Wash. Post: Apple Paid Gadget Guru to Feature iPod on Local News Shows (CORRECTION)

Editoris Note: In an early version of this story, The Mac Observer incorrectly reported that Mr. Greenberg was paid to demonstrate and endorse an Apple product on a national television network. We apologize for this error. The following updated story is to set the record straight on Mr. Greenbergis business practices and his appearances on NBC shows and local news shows.

Technology expert Corey Greenberg said Wednesday he has been paid by Apple Computer to demontsrate and feature Apple products during local news appearances, but has not been paid to show the same product during appearances as NBCis "Today" show tech editor.

Mr. Greenberg was featured in a Washington Post article discussing how some technology reporters are paid to endorse and show products. Mr. Greenberg denied these same practices saying he had "never accepted payment to place a product on NBC News...I have never accepted payment to say nice things about a product in any venue." He said manufacturers hired him as "a spokesperson who could talk credibly and understandably about consumer products," but that he would no longer accept payment to appear on news programs.

"In no way, shape or form have I accepted payment to feature a product on any NBC news program," Mr. Greenberg told The Mac Observer Wednesday.

What Mr. Greenberg has done is feature Apple and non-Apple products on local television stations as part of a demonstration in which he has been financially paid. In those instances, the local stations have the opportunity to let viewers know Mr. Greenberg has been paid to show the products, but in many cases, the stations opt to not inform viewers of that fact.

"My job is in those local news interviews is to feature the product and not endorse, because I have been paid to show the product," Mr. Greenberg said. "The situation with the NBC is entirely different. In those cases, I am paid to show products and give my opinion on them."

Last July, during a "Today" show appearance, he praised the iPod digital media device as "a great portable musical player...the coolest-looking one" and suggested a compatible device to "share your music with other people." "This is the way to go," he commented.

Thinking that he was laying it on a little thick, co-host Matt Lauer interrupted and said, "Letis cut the Apple commercial here right now, okay?"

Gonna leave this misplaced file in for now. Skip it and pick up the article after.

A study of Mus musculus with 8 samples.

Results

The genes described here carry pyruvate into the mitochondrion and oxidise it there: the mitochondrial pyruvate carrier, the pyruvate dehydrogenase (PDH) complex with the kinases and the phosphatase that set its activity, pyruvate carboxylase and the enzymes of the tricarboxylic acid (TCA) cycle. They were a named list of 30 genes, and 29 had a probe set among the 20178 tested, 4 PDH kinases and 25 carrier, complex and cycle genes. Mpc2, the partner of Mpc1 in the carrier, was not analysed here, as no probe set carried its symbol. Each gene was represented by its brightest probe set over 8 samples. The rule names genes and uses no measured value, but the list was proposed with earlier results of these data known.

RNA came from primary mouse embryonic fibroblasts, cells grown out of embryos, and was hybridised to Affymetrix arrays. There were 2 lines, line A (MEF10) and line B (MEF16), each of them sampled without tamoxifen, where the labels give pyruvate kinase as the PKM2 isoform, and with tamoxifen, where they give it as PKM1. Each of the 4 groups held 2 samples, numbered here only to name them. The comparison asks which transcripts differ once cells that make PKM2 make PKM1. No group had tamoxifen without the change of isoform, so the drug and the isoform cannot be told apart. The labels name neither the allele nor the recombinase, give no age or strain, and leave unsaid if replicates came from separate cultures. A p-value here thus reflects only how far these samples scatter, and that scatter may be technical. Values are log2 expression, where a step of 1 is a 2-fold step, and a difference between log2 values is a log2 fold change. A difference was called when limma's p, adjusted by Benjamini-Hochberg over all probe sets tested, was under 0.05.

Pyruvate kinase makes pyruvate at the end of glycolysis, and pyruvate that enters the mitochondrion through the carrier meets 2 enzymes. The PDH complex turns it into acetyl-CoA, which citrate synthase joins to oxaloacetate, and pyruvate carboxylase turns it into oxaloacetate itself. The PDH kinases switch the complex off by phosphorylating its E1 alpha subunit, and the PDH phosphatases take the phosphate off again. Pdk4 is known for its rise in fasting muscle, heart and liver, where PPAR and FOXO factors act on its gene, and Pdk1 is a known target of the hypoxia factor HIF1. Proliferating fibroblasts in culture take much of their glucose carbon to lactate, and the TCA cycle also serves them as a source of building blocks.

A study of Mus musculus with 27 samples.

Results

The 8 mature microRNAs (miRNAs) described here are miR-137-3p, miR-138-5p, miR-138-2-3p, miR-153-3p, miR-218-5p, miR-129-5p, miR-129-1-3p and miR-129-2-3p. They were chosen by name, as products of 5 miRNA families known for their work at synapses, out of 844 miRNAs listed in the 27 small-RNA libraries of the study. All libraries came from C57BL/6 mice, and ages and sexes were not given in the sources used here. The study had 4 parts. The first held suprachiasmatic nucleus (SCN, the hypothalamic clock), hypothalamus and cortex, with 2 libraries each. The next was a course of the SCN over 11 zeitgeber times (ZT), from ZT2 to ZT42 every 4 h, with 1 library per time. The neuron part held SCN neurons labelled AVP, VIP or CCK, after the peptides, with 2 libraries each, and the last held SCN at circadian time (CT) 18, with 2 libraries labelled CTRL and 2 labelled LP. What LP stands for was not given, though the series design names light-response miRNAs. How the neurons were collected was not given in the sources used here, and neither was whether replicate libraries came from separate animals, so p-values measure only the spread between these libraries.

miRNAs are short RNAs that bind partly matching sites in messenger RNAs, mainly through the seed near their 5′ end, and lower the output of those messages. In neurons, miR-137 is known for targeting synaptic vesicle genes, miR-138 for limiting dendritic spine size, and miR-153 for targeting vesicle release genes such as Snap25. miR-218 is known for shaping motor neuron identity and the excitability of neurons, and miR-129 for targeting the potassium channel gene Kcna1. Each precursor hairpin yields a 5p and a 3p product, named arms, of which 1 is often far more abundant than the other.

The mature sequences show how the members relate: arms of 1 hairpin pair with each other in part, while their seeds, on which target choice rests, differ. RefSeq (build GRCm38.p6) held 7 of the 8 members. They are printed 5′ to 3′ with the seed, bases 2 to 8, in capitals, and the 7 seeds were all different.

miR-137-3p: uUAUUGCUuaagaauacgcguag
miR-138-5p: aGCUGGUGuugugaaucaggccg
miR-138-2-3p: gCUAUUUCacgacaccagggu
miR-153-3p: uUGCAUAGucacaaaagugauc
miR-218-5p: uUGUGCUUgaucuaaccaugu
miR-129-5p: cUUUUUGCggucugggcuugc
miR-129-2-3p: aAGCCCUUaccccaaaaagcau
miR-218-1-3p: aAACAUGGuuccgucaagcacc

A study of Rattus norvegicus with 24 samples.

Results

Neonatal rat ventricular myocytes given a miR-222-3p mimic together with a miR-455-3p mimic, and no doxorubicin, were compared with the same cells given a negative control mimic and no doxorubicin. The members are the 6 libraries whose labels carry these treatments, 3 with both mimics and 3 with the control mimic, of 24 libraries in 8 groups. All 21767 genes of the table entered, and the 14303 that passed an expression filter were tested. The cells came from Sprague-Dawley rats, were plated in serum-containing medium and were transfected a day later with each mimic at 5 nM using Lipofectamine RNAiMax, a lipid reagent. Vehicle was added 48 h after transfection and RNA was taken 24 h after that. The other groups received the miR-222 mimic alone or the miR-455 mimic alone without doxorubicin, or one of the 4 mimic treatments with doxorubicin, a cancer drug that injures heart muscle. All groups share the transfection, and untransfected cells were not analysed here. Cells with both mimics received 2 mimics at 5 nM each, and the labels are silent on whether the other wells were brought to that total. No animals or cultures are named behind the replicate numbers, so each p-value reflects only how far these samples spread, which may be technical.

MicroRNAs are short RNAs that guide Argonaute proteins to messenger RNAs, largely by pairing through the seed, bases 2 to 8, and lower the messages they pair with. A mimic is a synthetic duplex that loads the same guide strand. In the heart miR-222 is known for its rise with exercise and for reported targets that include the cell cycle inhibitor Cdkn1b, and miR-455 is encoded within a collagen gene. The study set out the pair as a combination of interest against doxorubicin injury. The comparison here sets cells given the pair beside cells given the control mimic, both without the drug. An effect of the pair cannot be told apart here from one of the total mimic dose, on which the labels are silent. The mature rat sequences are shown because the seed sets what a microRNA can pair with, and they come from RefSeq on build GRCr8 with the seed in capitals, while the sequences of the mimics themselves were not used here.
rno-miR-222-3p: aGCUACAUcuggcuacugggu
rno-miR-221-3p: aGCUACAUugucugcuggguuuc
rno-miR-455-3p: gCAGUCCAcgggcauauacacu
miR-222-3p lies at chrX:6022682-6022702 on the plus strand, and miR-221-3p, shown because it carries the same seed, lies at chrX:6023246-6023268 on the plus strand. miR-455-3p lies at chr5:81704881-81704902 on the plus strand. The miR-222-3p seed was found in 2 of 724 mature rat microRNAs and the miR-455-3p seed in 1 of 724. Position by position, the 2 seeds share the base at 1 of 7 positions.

Mr. Greenberg was on "Sunday Today" last month to talk about "the coolest thing," Appleis iPhoto service for digital pictures, and said, "all the information goes up to Apple, Apple sends you a week later this perfect beautifully bound book."

Mr. Greenberg has been paid by Apple to feature its products on local news shows only.

A spokeswoman for NBC said the company has recently changed its policy to enact strict guidelines "governing our relationships with contributors," such as Mr. Greenberg, but did not give specifics.

NBC has not severed its relationship with Mr. Greenberg and other experts who it says failed to reveal their corporate ties. Under network policies, which also apply to stock analysts and fund managers, Greenberg "should have disclosed the other relationships to CNBC prior to his appearances," said spokeswoman Amy Zelvin. In the future, she said, "he wouldnit be on talking about companies where he was getting some sort of payment."

Mr. Greenberg told TMO he will no longer be doing paid satelite media interviews on local stations as to not give the impression of conflict of interest. He did say he will continue to do interviews with local stations if asked to do so, but will not accept payment from companies to feature or promote their products.

The practice of industry experts appearing on news shows and not revealing they have been paid for their appearance, endorsement or mention is controversial. While many so-called experts appear to discuss everything from electronics to medicine to politics, stations often will mention their affiliation, but not if they were paid to show a product, paid to appear or paid to give their opinion in favor of one group or company.